If you have concerns over what becomes of your pension after your death then we can assure you that you are not alone. This is a concern for many but, for understandable reasons, it is something we shy away from discussing. If you want to know what will happen to your pension when you die and if your loved ones will be provided for, then our article is here to help.
Your state pension is made up of your National Insurance contributions during your working life. In order to be awarded the maximum State Pension, you will need to have contributed for 35 years. The good news as far as a state pension is concerned is that it does not automatically die with you.
If you have a spouse or a civil partner it is possible that they are able to access extra payments from your state pension. How much they may be able to get will depend upon the National Insurance contributions that you have made as well as the date at which you reached state pension age. There are several possibilities when it comes to your state pension and we will explore these below:
If you have reached State Pension age before 6th April 2016 then your spouse or civil partner who is left behind will need to contact the Pension Service so that they can check what they are entitled to. If your spouse or civil partner is receiving a full State Pension themselves it could be that your qualifying years are used to boost their pension.
If you reach State Pension age after 6th April 201, or if your civil partner or spouse is under state pension age when you die, there is a tool that can be accessed on the UK Government website that allows them to check their entitlement.
Some people choose to defer their State Pension so that it can continue to build in value. If this is something that you have chosen to do it is possible that your spouse or civil partner will stand to benefit when you die. It could be that they get to claim the extra State Pension or they may be awarded a lump sum.
You may have chosen to top up your State Pension and have concerns around what will happen to this when you die. It may be reassuring to know that your spouse or civil partner may be able to claim either some or even all, of the top-up.
With Additional State Pension, what happens after your death will depend on a few factors. Firstly, you will need to have been married or entered into a civil partnership before 6th April 2016. If this is the case, your spouse or civil partner will be able to inherit part of your Additional State Pension if:
Of course, as you are reading now it is only the first of those points that will apply!
that we have seen so far with the State Pension relates to a spouse
or civil partner so you may be wondering what happens if this doesn’t
apply to you. That being the case, it is possible that your estate
can claim part of your basic State Pension.
As well as considering your State Pension it is possible that you also have a workplace pension or that you have set up a pension of your own. This could be in the form of a SIPP or maybe a self-employed pension. When looking at these pensions there are usually two main types: defined contributions and defined benefits. Exactly what happens to your private pension when you die will depend upon the type that you have.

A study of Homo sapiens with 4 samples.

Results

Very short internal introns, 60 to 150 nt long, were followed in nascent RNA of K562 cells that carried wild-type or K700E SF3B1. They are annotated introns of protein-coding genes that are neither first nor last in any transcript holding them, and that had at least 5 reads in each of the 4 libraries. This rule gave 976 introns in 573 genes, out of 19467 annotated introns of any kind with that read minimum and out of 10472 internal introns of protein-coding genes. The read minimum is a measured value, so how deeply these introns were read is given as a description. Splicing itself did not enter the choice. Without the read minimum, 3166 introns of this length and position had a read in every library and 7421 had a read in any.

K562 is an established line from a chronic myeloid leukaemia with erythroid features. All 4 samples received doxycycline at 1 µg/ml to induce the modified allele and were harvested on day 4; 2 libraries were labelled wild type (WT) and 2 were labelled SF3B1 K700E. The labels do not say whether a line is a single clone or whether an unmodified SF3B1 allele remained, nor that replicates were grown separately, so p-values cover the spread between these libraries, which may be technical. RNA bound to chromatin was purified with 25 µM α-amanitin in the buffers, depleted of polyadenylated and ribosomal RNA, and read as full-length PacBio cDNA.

There are two key considerations when it comes to these types of private pensions. The first is how old you are when you die and the second is if you have already started to draw your pension. If you pass away before you reach the age of 75 and have not started to draw your pension you are able to pass these to your beneficiaries and it will be free of tax.
Your beneficiaries will have two years after your death to claim your pension. If they fail to do this they may find that tax is applied. Your beneficiaries can take a lump sum from your pension, invest it into a drawdown pension, or purchase an annuity.
If you die before the age of 75 but have started to draw your pension then the rules are a little different. If you have taken a lump sum and have funds left, this will sit outside of your pension and become part of your estate. If you have opted to drawdown then your beneficiaries can access what is left, tax-free.
You may have an annuity and you may have started receiving an income from this. If you have then usually this can’t be passed to your beneficiary. There are annuities where there are exceptions and you are best to seek advice on this matter.
If you die after you reach the age of 75, any pension that you leave behind will be subject to tax.
types of pensions are linked to your salary and how long that you
have worked for an employer. These work differently from defined
contribution pensions and the main rule around these is linked to
whether or not you have already retired by the time that you die.
Dying before retirement will see your pension payout 2-4 times your salary. Providing you are under 75 when you die, this payment will be tax-free. Usually, there is also a survivors pension. This can see your civil partner, spouse, or dependant child receive a pension but this will be subjected to tax.